For every method in strength training, there is a variation and alternative that best suits the lifter based on their ability. Unfortunately, there are also methods, when done exclusively, have little carry-over to form and function. Are you training optimally?
Specialization has its benefits, but becoming one dimensional can also have some serious consequences. In the pursuit of strength, one of the most common mistakes is ignoring the bigger picture, and avoiding movements that benefit overall athleticism – mostly because it’s really fucking difficult.
Can you run a mile in under 10 minutes? Can you run a mile? Can you…run?
What about an unassisted bodyweight pull-up, or a set of 20 push-ups?
When’s the last time you did kettlebell swings until your lungs burned?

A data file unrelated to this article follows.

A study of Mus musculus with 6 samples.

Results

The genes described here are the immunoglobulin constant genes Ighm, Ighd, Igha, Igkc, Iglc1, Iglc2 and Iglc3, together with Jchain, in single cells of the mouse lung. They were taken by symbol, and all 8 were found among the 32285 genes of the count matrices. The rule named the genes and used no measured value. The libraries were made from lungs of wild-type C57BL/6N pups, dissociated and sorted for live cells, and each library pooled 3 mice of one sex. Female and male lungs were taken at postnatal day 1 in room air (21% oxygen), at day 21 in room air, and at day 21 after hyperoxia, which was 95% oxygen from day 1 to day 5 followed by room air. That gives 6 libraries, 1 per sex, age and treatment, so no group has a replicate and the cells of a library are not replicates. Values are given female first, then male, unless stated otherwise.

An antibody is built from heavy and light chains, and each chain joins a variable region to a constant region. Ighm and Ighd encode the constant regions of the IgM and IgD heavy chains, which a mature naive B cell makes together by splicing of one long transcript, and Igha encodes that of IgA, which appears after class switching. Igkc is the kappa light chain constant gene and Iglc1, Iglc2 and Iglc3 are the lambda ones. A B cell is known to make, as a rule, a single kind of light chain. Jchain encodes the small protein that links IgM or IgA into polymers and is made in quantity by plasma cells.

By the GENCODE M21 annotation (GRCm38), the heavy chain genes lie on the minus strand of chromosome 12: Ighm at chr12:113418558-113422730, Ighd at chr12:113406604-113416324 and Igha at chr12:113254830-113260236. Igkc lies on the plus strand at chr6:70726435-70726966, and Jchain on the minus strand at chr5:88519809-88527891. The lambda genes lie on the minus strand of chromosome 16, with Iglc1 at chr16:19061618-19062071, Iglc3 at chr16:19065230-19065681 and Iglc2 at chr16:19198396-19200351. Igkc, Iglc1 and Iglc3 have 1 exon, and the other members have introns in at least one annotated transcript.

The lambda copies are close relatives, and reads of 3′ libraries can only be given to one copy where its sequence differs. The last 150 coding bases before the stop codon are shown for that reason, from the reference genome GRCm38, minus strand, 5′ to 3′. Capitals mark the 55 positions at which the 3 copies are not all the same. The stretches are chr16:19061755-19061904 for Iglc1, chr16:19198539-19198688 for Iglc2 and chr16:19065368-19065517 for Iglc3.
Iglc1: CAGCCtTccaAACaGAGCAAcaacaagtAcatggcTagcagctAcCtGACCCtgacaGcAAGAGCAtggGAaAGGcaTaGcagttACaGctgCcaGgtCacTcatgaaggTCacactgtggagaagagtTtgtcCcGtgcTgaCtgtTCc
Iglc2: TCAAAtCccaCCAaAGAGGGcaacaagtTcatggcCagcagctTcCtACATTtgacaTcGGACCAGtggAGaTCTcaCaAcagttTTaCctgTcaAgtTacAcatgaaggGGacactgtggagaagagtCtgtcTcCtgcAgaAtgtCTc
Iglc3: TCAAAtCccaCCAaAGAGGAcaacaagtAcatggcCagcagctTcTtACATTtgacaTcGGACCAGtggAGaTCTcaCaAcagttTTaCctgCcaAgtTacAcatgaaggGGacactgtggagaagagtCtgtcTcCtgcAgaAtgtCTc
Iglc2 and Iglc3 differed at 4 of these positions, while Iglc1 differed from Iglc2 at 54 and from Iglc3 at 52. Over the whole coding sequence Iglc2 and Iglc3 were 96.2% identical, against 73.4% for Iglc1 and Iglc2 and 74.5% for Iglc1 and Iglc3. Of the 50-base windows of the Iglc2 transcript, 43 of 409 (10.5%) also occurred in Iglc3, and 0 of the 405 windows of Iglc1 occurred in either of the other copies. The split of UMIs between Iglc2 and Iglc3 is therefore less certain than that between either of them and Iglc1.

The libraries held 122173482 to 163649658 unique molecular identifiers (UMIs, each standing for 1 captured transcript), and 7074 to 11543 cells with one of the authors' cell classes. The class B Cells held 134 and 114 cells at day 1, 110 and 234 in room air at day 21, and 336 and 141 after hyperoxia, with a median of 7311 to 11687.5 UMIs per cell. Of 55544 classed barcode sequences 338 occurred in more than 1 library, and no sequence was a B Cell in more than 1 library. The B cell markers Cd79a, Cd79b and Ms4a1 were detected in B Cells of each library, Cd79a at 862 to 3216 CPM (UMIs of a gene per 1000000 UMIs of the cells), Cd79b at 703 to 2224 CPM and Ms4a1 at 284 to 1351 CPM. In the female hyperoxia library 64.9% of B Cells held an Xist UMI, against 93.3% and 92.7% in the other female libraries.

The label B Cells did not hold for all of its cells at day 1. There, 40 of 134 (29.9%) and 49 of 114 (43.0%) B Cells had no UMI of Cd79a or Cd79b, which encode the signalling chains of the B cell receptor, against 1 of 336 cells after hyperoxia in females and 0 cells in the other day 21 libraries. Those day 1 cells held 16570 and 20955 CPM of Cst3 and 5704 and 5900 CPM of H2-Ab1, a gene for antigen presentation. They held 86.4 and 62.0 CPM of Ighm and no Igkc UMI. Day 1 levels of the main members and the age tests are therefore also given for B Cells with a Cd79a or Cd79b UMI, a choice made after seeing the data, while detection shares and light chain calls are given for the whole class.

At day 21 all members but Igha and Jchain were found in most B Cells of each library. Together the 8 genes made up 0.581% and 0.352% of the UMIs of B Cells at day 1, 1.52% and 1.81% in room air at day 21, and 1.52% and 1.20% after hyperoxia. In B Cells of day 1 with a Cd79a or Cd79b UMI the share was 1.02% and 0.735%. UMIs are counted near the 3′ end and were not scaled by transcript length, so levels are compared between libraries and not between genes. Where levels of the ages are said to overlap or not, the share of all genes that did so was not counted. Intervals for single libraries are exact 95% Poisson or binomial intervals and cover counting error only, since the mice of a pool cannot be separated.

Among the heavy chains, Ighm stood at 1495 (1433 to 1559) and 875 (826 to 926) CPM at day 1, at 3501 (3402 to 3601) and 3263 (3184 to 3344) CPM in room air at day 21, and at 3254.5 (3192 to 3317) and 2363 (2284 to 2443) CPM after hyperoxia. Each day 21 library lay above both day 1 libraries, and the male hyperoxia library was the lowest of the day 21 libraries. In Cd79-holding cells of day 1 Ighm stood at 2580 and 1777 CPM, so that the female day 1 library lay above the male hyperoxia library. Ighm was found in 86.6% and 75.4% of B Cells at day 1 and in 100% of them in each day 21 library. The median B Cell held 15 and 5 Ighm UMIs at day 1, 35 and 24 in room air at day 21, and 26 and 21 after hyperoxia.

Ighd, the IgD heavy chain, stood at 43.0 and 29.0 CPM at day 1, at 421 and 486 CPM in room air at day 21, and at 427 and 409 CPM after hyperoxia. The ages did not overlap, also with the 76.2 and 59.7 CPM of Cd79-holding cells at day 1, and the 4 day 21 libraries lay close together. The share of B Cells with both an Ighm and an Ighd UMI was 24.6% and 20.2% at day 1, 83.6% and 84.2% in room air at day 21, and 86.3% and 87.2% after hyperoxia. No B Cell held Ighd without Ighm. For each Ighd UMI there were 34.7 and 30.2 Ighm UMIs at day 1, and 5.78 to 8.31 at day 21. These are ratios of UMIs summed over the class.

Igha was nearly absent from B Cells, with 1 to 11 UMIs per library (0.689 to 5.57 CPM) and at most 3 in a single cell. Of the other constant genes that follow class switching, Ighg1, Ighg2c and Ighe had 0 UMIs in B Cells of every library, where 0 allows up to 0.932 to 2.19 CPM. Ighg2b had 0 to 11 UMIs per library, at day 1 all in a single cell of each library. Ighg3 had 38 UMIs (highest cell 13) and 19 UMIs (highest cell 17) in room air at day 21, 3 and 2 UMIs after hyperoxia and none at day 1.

Imagine you could wake up tomorrow with two options: An above-average number on one lift, or reaching your overall athletic potential. Which would you choose?
Ideally, the goal is to train for both: form AND function. Strength is irrelevant if you’re out of shape. And likewise, if you can do 100 sit-ups but can’t squat below parallel, there’s an imbalance here.
Re-evaluate your training constantly. The most effective method for training will always emphasize both strength AND conditioning, which means doing the movements that you NEED to do, not just the ones you want to do.
An ideal training session will comprise of these main elements:
Strength (Compound Lifts)
Hypertrophy (Muscle Fatigue)
Core and Conditioning (Bodyweight movement, elevated heart rate)
Accessories (Isolation Movements targeting weak areas)
Attack each element with the same intensity to optimize your training, reaching your potential for both form and function.